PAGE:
BELGRADE (Serbia) - A spiritual home of basketball, Belgrade is an ideal city to host one of this week's FIBA Olympic Qualifying Tournaments (OQT), with the eventual winner joining the 12-team field in Tokyo shortly.
Belgrade is famous for many reasons when it comes to basketball. It's a city of legendary players and coaches, and some of the most influential men ever involved in the sport. Among them was the late FIBA Secretary General Emeritus Borislav Stankovic, whose unwavering commitment to basketball helped it reach new heights.
On an official trip this week, FIBA Secretary General Andreas Zagklis paid tribute to FIBA Secretary General Emeritus Borislav Stankovic and visited the Belgrade New Cemetery and laid flowers at the grave of Stankovic, who passed away on March 20, 2020. This trip had been postponed due to the pandemic.
Stankovic, who served as FIBA Secretary General from 1976 to 2002 and then as FIBA Secretary General Emeritus until his death, left a lasting impression on basketball, raising the standards of club and international competition around the world.
Born in 1925, in the city of Bihac, he played for Crvena Zvezda (Red Star) from 1946 to 1948, winning two national titles, and then suited up for two other Belgrade clubs, Zeleznicar and Partizan. From 1948 to 1953, he played 36 times for Yugoslavia's national team. Stankovic played in the first game of the inaugural FIBA Basketball World Cup in Buenos Aires, Argentina in 1950.
He was a successful coach, leading OKK Beograd to four national league championships. Stankovic has the distinction, too, of being the first foreign coach to lead a team to the Italian title, something he did with Cantu in 1968.
As Secretary General of FIBA, Stankovic worked to build bridges between the East and the West in a politically challenging environment and played a prominent role in ushering in a new era by helping professional players gain entry to the biggest national-team competitions – the ground-breaking involvement of NBA players at the Barcelona 1992 Olympic Games a notable example.
While at the Belgrade New City Cemetery, Zagklis also passed through the Alley of Greats and visited the resting places of Yugoslavian basketball legends Radivoj Korac and Trajko Rajkovic, and went to the place where Aleksandar Nikolic is buried.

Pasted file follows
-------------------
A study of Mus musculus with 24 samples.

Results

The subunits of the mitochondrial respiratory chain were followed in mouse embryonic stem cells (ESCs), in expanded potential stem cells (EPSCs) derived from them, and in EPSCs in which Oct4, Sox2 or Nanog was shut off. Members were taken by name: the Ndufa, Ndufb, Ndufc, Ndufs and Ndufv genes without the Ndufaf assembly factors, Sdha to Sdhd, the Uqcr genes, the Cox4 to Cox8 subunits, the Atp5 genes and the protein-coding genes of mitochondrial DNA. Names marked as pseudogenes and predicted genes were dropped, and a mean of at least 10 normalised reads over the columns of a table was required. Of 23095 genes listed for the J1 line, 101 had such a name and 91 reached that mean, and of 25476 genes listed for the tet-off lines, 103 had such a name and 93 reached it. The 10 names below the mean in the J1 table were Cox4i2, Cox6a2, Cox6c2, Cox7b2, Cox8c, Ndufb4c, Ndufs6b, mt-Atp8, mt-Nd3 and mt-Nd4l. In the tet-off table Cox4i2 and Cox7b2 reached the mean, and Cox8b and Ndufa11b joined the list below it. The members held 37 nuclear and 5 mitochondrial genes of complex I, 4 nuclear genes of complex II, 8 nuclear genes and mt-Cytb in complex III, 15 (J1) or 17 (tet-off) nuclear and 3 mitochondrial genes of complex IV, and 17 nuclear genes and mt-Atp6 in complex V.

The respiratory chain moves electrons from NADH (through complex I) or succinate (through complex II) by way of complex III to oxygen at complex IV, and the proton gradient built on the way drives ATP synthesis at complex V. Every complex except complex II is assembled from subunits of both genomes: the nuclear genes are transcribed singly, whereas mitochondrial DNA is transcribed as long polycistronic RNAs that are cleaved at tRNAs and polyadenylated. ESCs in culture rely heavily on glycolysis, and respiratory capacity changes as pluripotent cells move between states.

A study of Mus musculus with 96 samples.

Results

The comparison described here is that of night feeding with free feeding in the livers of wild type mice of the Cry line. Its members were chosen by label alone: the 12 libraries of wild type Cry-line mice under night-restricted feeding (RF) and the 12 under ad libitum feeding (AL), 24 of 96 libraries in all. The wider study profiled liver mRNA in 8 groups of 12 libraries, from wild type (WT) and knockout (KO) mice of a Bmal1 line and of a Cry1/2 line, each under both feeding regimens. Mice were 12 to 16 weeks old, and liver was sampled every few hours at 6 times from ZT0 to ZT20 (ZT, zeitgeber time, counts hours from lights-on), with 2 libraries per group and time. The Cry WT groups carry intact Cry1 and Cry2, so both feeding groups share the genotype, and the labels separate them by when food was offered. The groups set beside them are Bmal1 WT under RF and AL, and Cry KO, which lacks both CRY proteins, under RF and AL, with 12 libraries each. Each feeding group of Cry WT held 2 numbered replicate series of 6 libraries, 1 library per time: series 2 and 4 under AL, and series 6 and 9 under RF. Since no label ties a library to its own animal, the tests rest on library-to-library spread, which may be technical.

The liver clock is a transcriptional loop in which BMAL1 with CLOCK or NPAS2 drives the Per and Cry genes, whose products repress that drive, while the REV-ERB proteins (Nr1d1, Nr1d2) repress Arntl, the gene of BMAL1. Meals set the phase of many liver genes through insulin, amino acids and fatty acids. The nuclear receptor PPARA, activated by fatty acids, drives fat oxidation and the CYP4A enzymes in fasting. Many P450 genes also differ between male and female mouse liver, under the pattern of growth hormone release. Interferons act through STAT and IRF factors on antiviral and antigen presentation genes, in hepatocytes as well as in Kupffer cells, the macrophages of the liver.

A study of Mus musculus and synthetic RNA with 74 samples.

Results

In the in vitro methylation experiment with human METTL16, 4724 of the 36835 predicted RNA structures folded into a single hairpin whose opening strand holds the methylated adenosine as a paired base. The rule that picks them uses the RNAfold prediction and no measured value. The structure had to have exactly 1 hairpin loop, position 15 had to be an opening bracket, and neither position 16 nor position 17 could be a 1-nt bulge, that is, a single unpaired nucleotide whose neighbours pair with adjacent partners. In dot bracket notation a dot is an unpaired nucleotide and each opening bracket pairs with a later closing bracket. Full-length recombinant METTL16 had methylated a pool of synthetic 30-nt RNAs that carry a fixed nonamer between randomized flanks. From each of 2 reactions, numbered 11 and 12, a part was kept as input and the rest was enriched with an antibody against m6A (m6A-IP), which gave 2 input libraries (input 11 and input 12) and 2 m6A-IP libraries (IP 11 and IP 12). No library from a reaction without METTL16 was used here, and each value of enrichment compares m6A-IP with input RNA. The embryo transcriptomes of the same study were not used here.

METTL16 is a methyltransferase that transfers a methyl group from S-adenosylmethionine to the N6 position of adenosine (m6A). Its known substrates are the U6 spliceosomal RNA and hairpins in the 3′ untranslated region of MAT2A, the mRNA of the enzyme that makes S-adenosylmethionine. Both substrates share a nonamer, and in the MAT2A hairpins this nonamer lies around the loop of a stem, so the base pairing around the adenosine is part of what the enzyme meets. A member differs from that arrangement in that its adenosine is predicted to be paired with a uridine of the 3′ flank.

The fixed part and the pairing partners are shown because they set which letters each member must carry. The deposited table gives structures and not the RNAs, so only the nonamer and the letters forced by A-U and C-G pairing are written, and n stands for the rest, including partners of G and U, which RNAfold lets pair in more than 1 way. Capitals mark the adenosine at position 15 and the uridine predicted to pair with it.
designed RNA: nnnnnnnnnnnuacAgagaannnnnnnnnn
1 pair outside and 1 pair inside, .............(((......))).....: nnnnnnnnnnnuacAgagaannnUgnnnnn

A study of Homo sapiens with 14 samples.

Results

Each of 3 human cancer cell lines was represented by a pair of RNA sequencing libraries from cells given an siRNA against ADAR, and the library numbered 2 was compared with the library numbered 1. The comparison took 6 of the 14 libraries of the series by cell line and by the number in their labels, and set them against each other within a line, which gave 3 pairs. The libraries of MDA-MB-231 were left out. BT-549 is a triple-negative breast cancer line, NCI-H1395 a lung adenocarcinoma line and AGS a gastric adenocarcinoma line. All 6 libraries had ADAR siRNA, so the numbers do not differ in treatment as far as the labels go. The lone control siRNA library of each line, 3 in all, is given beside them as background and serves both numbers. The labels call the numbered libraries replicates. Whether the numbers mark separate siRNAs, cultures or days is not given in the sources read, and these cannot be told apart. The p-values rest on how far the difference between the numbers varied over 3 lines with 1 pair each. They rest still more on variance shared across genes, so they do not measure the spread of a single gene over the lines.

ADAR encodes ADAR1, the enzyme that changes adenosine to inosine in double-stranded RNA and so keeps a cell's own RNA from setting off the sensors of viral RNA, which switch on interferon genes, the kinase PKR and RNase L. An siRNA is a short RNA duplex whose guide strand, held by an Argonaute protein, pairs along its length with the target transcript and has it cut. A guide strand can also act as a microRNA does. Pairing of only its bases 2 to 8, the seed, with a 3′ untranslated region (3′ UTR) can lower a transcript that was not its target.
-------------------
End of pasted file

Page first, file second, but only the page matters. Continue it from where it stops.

"It's a great honor for me to be able to pay tribute this week to our beloved Secretary General Emeritus Borislav Stankovic. A visit to Belgrade always serves as a reminder of what this city has meant to basketball, from the players, coaches, and fans to the people who helped its growth, like Borislav Stankovic," Zagklis said. "Basketball is a part of the fabric of the country overall and especially here in the capital, which is currently staging one of the four FIBA Olympic Qualifying Tournaments. We thank the Basketball Federation of Serbia for hosting the competition and putting on a wonderful event. I also would like to offer special congratulations to Serbia for winning the FIBA Women's EuroBasket 2021 in Valencia. It is a truly special team that no doubt inspired others with its performance and we're excited to see them play at the upcoming Olympics."
Serbia will know if their men's team has earned a ticket to Tokyo by Sunday. The Dominican Republic, Italy, Philippines, Puerto Rico and Serbia are all playing at the famous Aleksandar Nikolic Hall and trying to make it to Japan, with OQTs also being staged in Canada, Croatia and Lithuania.
The event took place at Belgrade's Kombank Hall and was attended by FIBA First Vice President and FIBA Asia President, Sheikh Saud Ali Al Thani and FIBA Vice President and FIBA Europe President, Turgay Demirel, pictured above.